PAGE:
Underground Film Journal


By Mike Everleth ⋅ December 27, 2009

INCITE! is billed as the Journal of Experimental Media & Radical Aesthetics, so it’s a kindred spirit to the Underground Film Journal. INCITE! exists as an online journal as well as having a actual 147-page printed edition. While I’ve browsed, and enjoyed, the INCITE! website, editor Brett Kashmere was also kind enough to send me a copy of the first paperback version that I recently read every single word of.

The articles for the first issue of INCITE! are on the longish side, so, for me personally, they make for better reading on paper, which is why I was so thrilled to get a copy. (My aching eyes thank me every time I go do something off-line.) My own favorite pieces are the substantial interviews with Canadian experimental filmmaker Karl Lemieux and the San Francisco legend Craig Baldwin. INCITE No. 1 has been out for awhile, but if you haven’t read those pieces, go do so now.

There’s lots of other good articles in INCITE No. 1, including manifestos, histories and theorizing, and the first issue has proved successful enough that issue No. 2 is currently on its way and will include interviews with Michael Robinson, Cory Arcangel and Aleesa Cohene; and pieces by Ryan Tebo, Jenny Perlin, Noam Gonick and more. Exciting stuff.

What I really wanted to draw attention to in this article, though, was the INCITE! introductory piece written by Kashmere, where he bemoans the lack of coverage of modern experimental filmmakers in art and film journals. It’s a situation that I, too, find dispiriting and completely baffling. Kashmere rightly identifies the literal explosion of alternative or — in the parlance of this particular web journal — underground media and how amazingly accessible all of this new work is online and at microcinemas all over the world, yet it exists in an almost total critical, analytical and appreciative vacuum. The most telling bit in Kashmere’s article is this particular sentence:

Those daring spirits who continue to make it new in the artisanal, non-commercial traditions of experimental film and video have been left with fewer instruments of publicity and analysis.

To me, this situation is even more puzzling especially in these days of quick and easy online publishing. When I started to write exclusively about underground film almost four years ago, I — like Kashmere — recognized the need to fill a void of critical study of alternative media. What I wasn’t prepared for was just how vast that void is.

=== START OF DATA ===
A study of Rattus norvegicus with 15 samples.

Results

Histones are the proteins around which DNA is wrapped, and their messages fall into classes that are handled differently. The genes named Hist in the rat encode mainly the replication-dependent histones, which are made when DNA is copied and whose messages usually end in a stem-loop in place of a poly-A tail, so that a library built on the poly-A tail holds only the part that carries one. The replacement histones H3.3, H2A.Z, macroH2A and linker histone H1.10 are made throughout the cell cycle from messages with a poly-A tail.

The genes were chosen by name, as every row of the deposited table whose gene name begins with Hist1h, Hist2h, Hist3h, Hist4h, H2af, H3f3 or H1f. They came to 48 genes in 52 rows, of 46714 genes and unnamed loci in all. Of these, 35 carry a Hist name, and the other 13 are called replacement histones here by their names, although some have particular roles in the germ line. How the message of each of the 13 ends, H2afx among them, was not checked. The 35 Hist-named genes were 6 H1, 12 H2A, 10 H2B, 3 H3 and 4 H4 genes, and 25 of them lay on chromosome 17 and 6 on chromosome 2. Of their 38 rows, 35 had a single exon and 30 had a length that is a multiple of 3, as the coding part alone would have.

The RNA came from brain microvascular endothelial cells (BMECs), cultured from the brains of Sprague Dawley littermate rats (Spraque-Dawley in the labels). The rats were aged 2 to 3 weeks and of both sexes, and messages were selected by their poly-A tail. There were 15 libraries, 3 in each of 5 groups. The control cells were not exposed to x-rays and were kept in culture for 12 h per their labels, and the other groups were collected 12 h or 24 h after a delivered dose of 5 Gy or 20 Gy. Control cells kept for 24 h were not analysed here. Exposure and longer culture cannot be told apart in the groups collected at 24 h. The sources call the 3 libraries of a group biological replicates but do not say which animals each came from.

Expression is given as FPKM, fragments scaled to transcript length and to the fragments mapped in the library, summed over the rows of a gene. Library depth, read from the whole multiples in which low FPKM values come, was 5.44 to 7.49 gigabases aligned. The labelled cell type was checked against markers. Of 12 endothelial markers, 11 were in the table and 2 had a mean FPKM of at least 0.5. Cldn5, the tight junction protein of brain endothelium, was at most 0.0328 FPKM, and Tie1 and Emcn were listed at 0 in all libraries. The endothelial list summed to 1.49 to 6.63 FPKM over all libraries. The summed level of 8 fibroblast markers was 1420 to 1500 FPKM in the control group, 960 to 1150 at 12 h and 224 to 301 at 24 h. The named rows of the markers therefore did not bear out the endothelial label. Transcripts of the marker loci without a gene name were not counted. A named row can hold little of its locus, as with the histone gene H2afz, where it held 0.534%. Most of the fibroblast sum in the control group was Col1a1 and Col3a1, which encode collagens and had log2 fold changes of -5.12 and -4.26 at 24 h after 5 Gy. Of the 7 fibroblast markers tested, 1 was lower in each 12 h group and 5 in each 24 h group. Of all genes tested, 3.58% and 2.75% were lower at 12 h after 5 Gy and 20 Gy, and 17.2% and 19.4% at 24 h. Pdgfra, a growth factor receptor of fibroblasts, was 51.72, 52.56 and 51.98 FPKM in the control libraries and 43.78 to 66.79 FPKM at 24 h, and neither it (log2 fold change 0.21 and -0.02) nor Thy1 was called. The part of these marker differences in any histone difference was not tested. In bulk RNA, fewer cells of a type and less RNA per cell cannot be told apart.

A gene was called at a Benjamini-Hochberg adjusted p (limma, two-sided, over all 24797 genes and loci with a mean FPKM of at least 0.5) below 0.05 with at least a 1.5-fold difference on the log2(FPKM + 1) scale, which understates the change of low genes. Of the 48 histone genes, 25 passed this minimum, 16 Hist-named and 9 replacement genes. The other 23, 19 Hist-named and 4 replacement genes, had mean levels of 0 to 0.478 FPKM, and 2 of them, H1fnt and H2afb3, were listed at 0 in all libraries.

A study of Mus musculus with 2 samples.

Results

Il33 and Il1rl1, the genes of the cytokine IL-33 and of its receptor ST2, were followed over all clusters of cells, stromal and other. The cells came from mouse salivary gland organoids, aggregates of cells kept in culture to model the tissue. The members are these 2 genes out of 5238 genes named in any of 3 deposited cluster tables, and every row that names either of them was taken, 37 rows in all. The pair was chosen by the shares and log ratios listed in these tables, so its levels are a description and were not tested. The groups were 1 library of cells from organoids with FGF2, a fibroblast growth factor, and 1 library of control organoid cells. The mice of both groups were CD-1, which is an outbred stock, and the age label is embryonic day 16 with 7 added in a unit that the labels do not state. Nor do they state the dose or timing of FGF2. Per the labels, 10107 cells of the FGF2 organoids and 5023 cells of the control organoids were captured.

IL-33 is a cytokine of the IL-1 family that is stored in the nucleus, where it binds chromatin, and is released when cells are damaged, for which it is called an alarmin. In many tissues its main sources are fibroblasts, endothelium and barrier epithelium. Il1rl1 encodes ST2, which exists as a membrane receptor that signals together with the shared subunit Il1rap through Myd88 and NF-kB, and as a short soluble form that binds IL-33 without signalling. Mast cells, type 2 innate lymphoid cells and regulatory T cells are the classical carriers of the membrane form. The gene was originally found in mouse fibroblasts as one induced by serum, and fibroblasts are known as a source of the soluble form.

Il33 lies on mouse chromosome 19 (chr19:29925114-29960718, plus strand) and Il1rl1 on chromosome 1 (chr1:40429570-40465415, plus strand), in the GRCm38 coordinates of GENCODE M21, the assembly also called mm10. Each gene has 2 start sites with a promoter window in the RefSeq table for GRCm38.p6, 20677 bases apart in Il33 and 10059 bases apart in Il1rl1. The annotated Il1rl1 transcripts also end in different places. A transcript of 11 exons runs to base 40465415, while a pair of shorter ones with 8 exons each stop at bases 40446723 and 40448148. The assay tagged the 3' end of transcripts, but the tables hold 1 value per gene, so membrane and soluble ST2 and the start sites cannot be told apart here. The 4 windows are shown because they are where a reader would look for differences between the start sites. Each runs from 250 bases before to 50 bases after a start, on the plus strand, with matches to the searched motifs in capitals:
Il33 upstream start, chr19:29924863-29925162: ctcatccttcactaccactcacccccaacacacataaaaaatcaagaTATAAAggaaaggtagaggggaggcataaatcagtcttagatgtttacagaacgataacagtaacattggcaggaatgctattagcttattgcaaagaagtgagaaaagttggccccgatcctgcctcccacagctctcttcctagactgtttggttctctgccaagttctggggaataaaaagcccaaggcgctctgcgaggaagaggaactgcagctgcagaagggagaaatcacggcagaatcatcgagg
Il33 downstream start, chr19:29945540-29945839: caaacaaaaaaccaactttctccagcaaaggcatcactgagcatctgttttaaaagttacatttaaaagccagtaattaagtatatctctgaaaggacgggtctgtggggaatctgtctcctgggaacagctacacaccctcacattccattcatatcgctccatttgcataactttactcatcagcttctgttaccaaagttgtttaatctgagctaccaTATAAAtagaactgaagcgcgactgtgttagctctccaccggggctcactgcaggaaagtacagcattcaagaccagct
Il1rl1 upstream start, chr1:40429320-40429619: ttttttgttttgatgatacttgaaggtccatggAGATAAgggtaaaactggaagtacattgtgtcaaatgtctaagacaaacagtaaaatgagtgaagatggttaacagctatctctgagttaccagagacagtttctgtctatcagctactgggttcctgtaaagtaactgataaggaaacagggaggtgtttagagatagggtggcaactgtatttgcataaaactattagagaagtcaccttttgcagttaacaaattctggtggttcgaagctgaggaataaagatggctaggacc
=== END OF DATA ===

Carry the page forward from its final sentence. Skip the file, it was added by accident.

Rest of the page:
There’s a very appreciative audience for non-commercial media out there just based on my own limited experience of screening attendance and personal on-going dialogues I have with filmmakers and film festival directors. Yet, although there are reports of over a hundred million blogs in existence today, it seems that it’s possible to count the ones devoted to the critical analysis of modern alternative media on one hand — and a hand that’s missing a few fingers at that.

I’ve puzzled over why this situation might be many times over the year, but can’t come up with any answers. The best I can reason begins with what Kashmere discusses about the lack of the major journals covering modern underground filmmakers. In the online world, it’s sort of a reverse trickle-down effect where the big film sites don’t cover or provide seriously limited coverage of modern non-commercial media, so the little sites don’t see the point of covering it either. Why write about a subject that other websites aren’t going to link to you about? Why bother when there’s no public discussion network to plug into to hash about underground media with like-minded writers, critics and theorists?

The pleasures of producing┬áthe Underground Film Journal happens almost exclusively off of the site: Exchanging private emails with filmmakers and festival programmers, discussing films via Facebook comments with people I’ve met exclusively through the site, Tweeting replies back-and-forth with underground film folk. Not to mention the great movies I get sent to me or directed towards online. That’s the private joy because the the public discussion is practically non-existent.

So, that’s why I wanted to give a very public shout out and give some enthusiastic support to INCITE!, its editor Brett Kashmere and the journal’s contributors. I could have just sent Kashmere a private email on Facebook thanking and congratulating him, but we need more public discourse on modern avant-garde, experimental and underground media. Brett: Thank you for helping make the void that much smaller.